Updated: May 24
Regardless of the specific reason or business decision, sometimes a company is not successful and its founder needs to consider closing the business. A company may be struck off the Register, a process known simply as deregistration. There are a few conditions to do this:
Deregistration must be agreed by all members of the company;
The company must not have had any business in the 3 months before the application;
The company has no significant liabilities and is not involved in any legal proceedings;
The company has no assets in the form of real estate in Hong Kong;
Obtained a Notice of No Objection from the Commissioner of Inland Revenue.
In addition to complying with these main conditions for deregistering a company, the applicant is required to pay a non-refundable fee and submit a special form. Investors should note that dissolution of a company by liquidation is a different process under another set of procedures (mainly depending on whether the liquidation is initiated by members or creditors or by the court).
A deregistered company needs to meet its tax and reporting obligations before being dissolved or face penalties. In practice, the process can take around five months, during which time companies are expected to comply with the usual regulations. Deregistration may be an option for investors who wish to temporarily cease business operations, as it is a process that can be reversed. In practice, this means that a deregistered company can be reinstated if the owner applies to the Court of First Instance. Once the court orders this process, business can be restored within approximately 2 months. Investors who are considering this option are advised to seek appropriate assistance from our Hong Kong company formation consulting team.
Investors in Hong Kong have the option to apply for administrative recovery of local companies. This means that a dissolved company can be restored by a director or company member within 20 years from the date of dissolution. This is a special process which is subject to a set of specific conditions, such as the company must have been operating and conducting business at the time its name was struck off from the Register. A special, non-refundable reinstatement fee applies. A restored company can keep its own name, provided that the name has not been claimed by another company. If this is not the case, the restored company has 28 days to change the name.
When a business faces bankruptcy, for whatever reason, entrepreneurs have the option of winding up the business. In these cases, it is advisable to seek professional help, as the procedure can be complicated, depending on the number of creditors. One of our consultants who specialize in Hong Kong company formation can also help you wind up your company.
Hong Kong Company Deregistration Conditions
If the investor wants to stop all business in Hong Kong or the company is defunct, the limited company in Hong Kong can be deregistered.
Only companies established in Hong Kong can be deregistered. Several steps are essential to this process and they include filing with the Inland Revenue Department and effective deregistration from the Companies Registry.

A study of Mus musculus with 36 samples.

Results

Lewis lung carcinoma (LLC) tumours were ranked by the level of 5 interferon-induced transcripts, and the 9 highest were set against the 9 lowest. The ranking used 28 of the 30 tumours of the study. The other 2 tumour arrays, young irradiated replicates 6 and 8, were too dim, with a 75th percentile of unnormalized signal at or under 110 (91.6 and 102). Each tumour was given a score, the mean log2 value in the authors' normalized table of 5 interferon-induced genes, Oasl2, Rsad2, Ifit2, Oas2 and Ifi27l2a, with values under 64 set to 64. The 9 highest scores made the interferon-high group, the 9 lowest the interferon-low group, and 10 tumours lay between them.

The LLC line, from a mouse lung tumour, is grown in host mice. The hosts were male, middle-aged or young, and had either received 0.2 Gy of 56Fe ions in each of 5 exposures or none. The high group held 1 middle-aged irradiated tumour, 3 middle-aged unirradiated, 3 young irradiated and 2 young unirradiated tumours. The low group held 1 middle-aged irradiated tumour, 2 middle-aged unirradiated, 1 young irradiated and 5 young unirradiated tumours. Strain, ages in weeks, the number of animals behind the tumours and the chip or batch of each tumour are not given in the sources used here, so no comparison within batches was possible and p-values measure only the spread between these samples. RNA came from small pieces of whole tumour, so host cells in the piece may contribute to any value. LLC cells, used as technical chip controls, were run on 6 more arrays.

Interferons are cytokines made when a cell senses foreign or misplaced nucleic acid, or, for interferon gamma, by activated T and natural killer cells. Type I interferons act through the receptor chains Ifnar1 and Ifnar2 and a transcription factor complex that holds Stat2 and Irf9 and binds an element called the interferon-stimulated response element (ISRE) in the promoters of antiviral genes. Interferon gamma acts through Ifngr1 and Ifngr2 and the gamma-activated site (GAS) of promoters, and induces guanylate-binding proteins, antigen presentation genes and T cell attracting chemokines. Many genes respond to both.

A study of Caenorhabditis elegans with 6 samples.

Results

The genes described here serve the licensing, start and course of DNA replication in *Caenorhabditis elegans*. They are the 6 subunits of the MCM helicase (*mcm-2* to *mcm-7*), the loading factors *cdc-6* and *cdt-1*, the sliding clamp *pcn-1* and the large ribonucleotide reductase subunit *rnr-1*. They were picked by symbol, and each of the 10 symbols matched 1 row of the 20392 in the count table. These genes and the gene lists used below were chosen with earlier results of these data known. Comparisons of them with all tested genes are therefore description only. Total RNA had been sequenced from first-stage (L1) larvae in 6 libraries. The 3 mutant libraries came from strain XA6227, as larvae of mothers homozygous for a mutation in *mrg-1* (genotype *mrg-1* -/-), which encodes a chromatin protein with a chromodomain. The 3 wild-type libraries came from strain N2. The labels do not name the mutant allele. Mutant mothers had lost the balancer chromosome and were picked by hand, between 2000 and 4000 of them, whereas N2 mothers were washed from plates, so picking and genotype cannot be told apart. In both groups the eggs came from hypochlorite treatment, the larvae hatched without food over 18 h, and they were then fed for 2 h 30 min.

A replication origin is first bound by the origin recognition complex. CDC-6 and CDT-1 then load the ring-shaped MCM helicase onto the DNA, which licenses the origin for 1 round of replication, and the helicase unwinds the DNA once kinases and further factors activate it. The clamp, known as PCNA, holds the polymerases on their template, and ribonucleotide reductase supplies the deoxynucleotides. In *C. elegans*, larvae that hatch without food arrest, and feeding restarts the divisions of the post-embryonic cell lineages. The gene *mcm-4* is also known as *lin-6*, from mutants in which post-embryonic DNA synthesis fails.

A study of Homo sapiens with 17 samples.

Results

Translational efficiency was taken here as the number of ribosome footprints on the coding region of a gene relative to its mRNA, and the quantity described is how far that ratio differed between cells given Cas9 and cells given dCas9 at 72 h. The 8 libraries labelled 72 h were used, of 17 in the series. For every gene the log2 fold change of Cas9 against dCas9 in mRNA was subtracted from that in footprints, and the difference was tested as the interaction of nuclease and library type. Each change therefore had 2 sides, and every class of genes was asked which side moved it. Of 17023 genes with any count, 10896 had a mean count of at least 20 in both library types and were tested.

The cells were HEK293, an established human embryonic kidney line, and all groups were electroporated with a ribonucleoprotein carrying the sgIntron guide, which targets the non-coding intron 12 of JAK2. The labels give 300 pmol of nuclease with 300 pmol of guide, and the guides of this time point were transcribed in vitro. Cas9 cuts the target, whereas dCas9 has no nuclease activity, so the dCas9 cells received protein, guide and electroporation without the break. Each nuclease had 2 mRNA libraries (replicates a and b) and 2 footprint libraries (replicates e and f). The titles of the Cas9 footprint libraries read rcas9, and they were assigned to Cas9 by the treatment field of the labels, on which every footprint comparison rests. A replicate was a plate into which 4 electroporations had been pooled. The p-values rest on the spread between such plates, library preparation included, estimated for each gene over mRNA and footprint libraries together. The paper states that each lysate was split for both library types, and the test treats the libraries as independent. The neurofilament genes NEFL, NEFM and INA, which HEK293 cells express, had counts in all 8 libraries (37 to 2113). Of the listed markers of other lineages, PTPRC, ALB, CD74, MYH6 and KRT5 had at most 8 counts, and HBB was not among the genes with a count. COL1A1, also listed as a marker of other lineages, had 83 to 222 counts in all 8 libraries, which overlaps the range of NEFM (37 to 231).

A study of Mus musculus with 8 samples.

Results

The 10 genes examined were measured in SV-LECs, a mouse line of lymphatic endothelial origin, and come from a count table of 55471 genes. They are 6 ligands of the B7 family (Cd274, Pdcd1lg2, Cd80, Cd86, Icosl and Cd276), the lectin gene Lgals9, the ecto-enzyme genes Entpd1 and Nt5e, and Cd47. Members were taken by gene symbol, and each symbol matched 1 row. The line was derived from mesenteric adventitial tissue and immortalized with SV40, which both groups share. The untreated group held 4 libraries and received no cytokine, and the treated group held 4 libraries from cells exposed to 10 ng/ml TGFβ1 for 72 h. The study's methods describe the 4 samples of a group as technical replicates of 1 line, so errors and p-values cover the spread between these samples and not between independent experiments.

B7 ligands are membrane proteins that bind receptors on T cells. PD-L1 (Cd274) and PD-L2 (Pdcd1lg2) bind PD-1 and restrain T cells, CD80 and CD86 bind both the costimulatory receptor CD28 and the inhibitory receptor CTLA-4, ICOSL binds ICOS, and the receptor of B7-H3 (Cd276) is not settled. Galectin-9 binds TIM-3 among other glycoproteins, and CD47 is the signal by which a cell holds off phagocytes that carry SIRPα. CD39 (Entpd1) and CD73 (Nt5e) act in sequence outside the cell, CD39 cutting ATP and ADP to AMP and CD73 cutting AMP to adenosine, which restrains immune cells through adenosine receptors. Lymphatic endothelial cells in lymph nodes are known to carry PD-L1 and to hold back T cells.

Our company formation consultants in Hong Kong can assist you during the deregistration process and provide you with additional information depending on your company type and the business you are conducting in Hong Kong.
A failing solvent company may be deregistered if:
All members of the company agree to the deregistration;
The company has not carried out any business or has ceased any business in the three months before the application for deregistration;
The company has no significant liabilities to creditors;
The company does not own any real estate located in Hong Kong;
The company was not involved in any litigation or other legal proceedings in Hong Kong at the time of the application for deregistration.
If the company to be deregistered is a holding company in Hong Kong, its subsidiaries must not own any real estate assets located in Hong Kong.
The first step in deregistering a Hong Kong company is to obtain a Notice of No Objection to a Company being Deregistered from the Commissioner of Inland Revenue.
Deregistration from Hong Kong Companies Registry
Once the Notice of No Objection has been issued, the owner of the company can then lodge a final application for deregistration with the Companies Registry. This notice is filed with the Registrar in printed or electronic form together with the application and the application fee. The registrar may require additional company documents.
Deregistration applications are usually processed by the Registry within five working days. Afterwards, the deregistration will be gazetted. Once the deregistration is final, the company is dissolved.
If the company owner wishes to deregister before the company has received the business registration certificate, they can contact the Business Registration Office after the deregistration application has been approved.